William F. B. O'Reilly is a consultant to Republicans.
I've got to let Democratic readers in on a little secret as these "fiscal cliff" negotiations drag on.
We Republicans don't give a damn about rich people. Truly. We don't.
Sure, it's good to get money around election time from the occasional wealthy conservative. It helps offset the huge sums of money given to Democrats by the public employee unions. But other than that, we don't think of the rich much at all.
There seems to be an impression out there -- and I credit Democratic political operatives with creating it -- that Republican backrooms are filled with WASPy old patricians thinking of ways to hold onto dust-covered family inheritances. But, in truth, most of the super-wealthy in America today tend to vote Democratic. I mean really, on what car would you more expect to see an Obama bumper sticker, a Ford or a BMW? Be honest.
So why on Earth do we Republicans defend "the super rich"? Why did we just get our clocks cleaned in an election defending a tiny -- 1 or 2 percent -- demographic group whose political enrollment actually skews Democratic?
Is it because we're stupid?
Partly. Defending the rich clearly isn't a political winner.
Is it because we got outplayed?
Without question. When we pledged not to raise taxes, ala Grover Norquist, we failed to anticipate that Democrats would roll out a smart and brutal class war strategy, separating the middle- and upper-middle classes from those dreadful "super rich" and forcing us to defend the latter against tax increases.
Checkmate. (See Nov. 6.)
Here's the truth, though. Our main reason for defending the rich -- for not picking on them -- is that we don't think they owe us anything.
That's a fundamentally different viewpoint from that held by our countrymen to the political left. We don't expect anything from rich people, and we certainly don't feel cheated by them.
I can't speak for all Republicans, but here's my view of fairness: If you go out to dinner with a dozen people, you split the check 12 ways. If someone pays more than their share, you say "thank you."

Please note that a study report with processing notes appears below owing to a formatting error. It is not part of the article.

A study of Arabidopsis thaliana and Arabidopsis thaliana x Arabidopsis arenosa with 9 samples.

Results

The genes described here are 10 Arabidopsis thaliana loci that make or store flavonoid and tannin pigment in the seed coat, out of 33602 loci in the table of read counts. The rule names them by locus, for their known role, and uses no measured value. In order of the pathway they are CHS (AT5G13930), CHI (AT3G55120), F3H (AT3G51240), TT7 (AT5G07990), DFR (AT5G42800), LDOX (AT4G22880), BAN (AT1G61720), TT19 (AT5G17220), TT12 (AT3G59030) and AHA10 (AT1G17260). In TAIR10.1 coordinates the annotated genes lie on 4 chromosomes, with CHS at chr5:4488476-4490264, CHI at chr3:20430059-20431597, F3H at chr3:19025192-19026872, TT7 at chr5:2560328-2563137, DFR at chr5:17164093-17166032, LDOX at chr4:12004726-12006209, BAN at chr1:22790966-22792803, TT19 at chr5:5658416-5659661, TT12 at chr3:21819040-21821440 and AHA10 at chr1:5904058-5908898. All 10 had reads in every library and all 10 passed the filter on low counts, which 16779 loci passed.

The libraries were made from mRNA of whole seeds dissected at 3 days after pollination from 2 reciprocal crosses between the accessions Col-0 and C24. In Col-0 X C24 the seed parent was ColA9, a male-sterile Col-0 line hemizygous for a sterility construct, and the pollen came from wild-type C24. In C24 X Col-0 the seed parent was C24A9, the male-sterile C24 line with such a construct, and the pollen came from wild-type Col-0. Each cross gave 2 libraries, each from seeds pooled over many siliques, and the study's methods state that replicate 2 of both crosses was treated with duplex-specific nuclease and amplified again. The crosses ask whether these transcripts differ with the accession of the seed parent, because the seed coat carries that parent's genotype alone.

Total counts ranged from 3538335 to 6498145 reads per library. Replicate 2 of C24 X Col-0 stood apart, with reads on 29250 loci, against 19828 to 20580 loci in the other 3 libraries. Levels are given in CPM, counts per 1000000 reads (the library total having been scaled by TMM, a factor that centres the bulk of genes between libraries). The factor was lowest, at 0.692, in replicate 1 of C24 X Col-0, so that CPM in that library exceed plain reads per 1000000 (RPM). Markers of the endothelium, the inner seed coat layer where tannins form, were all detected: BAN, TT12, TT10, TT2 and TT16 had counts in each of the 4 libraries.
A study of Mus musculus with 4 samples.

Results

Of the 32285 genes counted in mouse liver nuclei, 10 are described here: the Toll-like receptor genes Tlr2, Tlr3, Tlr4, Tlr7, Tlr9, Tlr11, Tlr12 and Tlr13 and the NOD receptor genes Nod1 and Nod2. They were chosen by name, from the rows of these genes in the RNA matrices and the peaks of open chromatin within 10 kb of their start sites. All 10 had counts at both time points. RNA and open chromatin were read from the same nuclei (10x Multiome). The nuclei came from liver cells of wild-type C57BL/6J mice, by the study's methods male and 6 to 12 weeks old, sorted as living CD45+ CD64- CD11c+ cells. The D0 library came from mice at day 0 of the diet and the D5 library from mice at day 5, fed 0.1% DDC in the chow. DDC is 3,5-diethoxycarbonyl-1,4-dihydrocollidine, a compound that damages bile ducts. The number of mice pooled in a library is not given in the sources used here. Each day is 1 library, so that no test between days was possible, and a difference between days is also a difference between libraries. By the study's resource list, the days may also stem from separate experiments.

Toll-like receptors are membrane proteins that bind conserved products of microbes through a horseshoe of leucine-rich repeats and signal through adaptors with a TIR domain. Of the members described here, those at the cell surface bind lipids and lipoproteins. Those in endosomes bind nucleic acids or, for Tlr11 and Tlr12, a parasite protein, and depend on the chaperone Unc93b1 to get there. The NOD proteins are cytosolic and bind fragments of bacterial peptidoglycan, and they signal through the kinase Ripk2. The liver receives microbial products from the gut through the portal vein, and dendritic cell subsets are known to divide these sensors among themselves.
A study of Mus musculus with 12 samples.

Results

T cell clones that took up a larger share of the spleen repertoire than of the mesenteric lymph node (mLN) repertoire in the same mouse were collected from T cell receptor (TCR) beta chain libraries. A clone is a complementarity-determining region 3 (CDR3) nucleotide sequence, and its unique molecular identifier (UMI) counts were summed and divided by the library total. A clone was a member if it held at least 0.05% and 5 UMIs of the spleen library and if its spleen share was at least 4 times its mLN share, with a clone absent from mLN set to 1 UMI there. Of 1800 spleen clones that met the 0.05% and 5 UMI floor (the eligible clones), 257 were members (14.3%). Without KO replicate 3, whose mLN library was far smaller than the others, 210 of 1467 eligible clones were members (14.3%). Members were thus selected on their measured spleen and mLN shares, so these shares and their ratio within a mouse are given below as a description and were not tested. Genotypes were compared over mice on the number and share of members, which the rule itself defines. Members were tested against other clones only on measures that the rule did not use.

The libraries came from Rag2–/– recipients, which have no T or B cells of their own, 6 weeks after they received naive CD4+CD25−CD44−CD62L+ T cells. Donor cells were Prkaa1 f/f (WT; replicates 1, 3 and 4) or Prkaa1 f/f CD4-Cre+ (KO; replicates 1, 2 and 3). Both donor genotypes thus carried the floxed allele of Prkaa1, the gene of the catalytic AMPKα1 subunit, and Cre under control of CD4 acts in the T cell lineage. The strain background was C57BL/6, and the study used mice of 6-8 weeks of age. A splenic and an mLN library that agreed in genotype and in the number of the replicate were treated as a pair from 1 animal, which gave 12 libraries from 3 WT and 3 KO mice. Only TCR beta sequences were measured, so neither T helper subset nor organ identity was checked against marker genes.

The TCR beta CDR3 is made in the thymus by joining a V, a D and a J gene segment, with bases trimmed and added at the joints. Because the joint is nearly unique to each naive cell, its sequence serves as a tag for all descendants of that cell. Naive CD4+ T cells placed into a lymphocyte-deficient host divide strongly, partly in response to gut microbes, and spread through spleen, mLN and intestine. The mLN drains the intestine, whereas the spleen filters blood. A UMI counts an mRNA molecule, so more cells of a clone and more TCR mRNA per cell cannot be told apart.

But the idea of "fairness" has become so perverted in this country that two of our dinner companions are now paying 70 percent of the bill and being called greedy by the rest of the diners for not picking up more of it.
President Barack Obama was educated at Columbia and Harvard. He understands the meaning of many words, but "fairness" clearly isn't one of them.
What the president and the rest of us should be saying to the wealthiest Americans is "thank you" -- thank you for the tens of billions of dollars you pay in taxes every year, for the businesses and jobs you create, and for the philanthropy you shower on the neediest.
Another reason we Republicans oppose tax hikes on the wealthy -- on anyone -- is that we don't think the United States spends too little. We think it spends too much.
Communists in China and Venezuela -- c-o-m-m-u-n-i-s-t-s ! -- say we spend too much and make fun of us in the news for it to boot.
There's a reason we do. Government is filled at every level with people thinking 24/7 of how to spend taxpayer money to increase their re-election chances. Republicans realize that will never stop. No matter how much money taxpayers fork over to government, it will always demand more in time. That's its nature. Government's bottom line isn't fiscal balance, it's votes. Sure, we balanced the budget and created surpluses during the Clinton years -- but only because Hillarycare was defeated. It wasn't for lack of trying.
Republicans know that if taxes are raised on the "super rich" or on the ordinary rich or on the middle class for that matter, they will only be raised again to accommodate more "public investments," so we have drawn the line where it currently is. It has to be drawn somewhere.
Unfortunately, this administration, and the Bush administration before it, accelerated spending even after taxes were cut, and paid for it by selling debt and printing money. So now we are spending and borrowing too much.
It's anyone's guess what happens with the fiscal cliff talks in Washington, but one thing should be made clear: It's Obama and the Democrats in Congress who are obsessed with rich people in America, not Republicans. We'll keep defending those plutocrats on principle, though, even as they vote against us.
William F. B. O'Reilly is a Newsday columnist and a Republican political consultant.